TEN years ago, George Kasongo fled war in Africa to seek asylum in Australia.
More than five million people lost their lives in the Second Congo War, the deadliest conflict since the World War II.
After three years in a Ugandan refugee camp, the University of New England student and his two siblings were granted Australian visas and relocated to Inverell.
Mr Kasongo said it was like a miracle to receive asylum in Australia.
“The lives of people in the camp, I would say it's catastrophic,” he said.
“But I look on the TV and see 40 people die, 100 people die and I know we can not go home.
“Then we get a chance to go to Australia and I have a chance to be a healthy boy, happy boy, I would say it’s a miracle.”
When Mr Kasongo arrived in Australia his English was “rubbish” and so at the age of 24, he re-enrolled in high school.
“We can speak French and Swahili but here you must have English,” he said.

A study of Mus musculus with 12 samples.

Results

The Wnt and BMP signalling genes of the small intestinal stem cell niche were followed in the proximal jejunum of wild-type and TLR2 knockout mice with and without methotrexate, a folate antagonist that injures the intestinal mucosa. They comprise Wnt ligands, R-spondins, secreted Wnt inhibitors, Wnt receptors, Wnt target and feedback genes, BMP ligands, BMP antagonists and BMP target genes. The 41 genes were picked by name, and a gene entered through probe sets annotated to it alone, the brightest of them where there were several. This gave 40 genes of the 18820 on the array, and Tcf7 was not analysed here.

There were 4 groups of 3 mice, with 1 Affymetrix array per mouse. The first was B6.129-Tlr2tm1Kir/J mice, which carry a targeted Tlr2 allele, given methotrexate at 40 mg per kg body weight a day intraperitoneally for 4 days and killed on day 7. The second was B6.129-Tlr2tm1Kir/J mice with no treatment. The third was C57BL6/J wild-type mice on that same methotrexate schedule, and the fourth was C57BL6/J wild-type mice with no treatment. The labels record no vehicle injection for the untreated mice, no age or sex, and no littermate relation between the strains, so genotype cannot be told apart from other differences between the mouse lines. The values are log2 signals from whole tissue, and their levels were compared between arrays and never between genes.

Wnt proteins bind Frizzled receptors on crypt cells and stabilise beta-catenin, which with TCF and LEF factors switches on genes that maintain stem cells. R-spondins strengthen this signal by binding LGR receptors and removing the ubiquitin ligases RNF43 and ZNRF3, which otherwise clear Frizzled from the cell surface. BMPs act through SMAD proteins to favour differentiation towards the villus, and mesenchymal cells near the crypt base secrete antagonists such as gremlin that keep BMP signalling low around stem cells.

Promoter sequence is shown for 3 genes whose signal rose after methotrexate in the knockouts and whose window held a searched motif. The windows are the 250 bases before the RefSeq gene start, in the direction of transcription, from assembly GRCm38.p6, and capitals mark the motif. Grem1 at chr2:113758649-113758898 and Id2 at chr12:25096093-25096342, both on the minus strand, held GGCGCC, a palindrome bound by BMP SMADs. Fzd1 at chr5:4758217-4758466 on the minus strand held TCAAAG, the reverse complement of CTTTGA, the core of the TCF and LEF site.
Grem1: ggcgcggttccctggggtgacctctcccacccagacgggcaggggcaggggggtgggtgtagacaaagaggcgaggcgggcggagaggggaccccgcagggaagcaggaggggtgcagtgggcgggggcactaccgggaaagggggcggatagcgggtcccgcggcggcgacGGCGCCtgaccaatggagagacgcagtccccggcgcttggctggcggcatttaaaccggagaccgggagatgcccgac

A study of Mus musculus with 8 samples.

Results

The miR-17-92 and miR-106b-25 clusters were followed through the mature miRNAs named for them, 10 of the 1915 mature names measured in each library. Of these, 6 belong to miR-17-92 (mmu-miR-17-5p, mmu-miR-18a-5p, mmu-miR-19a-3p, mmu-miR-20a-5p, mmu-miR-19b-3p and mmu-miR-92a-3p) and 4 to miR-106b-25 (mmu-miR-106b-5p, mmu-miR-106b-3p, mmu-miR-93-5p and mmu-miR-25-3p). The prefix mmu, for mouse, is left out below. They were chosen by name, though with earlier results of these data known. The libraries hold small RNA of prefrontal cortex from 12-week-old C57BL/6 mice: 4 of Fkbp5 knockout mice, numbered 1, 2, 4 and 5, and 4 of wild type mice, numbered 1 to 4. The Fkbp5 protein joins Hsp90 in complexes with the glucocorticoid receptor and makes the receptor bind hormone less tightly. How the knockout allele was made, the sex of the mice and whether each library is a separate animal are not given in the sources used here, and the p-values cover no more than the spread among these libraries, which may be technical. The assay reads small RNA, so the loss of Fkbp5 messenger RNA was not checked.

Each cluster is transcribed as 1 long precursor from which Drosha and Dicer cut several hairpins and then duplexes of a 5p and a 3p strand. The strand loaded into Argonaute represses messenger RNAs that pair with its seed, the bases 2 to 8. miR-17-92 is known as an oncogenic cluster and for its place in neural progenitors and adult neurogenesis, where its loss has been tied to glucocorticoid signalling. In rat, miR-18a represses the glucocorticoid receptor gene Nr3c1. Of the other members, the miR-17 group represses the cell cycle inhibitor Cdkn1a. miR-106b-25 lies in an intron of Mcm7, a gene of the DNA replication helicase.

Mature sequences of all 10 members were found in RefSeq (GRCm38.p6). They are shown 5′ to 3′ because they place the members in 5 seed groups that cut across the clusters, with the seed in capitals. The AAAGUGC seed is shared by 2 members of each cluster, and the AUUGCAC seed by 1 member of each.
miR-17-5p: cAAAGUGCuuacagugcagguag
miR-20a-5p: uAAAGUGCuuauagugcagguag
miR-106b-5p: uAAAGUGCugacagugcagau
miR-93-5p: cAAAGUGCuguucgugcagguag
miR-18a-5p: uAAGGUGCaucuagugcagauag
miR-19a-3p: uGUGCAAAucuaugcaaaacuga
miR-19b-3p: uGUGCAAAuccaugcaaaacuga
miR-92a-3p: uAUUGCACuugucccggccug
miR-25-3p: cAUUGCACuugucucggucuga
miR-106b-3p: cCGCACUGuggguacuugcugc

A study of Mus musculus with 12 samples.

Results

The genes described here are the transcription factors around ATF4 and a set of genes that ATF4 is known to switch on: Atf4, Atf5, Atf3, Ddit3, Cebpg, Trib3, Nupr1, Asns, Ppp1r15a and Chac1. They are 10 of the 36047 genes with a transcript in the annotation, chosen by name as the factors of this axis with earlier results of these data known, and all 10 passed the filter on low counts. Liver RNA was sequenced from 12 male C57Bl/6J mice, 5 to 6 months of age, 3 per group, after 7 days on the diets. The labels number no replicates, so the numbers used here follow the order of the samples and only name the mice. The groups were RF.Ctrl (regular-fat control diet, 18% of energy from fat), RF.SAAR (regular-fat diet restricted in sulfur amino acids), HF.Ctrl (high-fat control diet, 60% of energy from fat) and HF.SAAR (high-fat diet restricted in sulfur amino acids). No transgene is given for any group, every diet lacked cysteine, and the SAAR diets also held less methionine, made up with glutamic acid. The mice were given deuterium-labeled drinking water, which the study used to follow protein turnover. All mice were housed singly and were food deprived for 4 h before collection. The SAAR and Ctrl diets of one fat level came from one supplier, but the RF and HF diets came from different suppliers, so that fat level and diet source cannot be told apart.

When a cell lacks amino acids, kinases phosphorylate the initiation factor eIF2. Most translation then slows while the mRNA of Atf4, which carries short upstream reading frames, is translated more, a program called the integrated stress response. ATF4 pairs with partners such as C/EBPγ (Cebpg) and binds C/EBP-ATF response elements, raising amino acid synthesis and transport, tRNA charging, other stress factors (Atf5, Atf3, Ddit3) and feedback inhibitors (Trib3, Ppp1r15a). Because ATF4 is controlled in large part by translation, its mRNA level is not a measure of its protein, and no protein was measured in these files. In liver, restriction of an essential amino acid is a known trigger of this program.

“So I said, we have to study, I have to go to high school.”
Mr Kasongo completed his Higher School Certificate in 2012 and gained entry into the UNE science program, where he excelled and is now completing a Bachelor of Engineering.
This week, Armidale celebrates refugees and the contribution they make in the community.
Northern Settlement Service project worker Judith Roberts said Refugee Week was a chance to not only celebrate refugees and the contribution they made, but also acknowledge the community members who welcomed and supported them.
“We have a lot of really wonderful volunteers that have been working for years,” she said.
One of the main ways the community offers support is through English language programs.
“Many are retired teachers and academics offer their services,” Ms Roberts said.
Armidale Regional Council will hold its annual Refugee Week morning tea on Friday. Council administrator Ian Tiley will host the event from 10.30am at the council chambers in Rusden Street.
Sign up for our newsletter to stay up to date.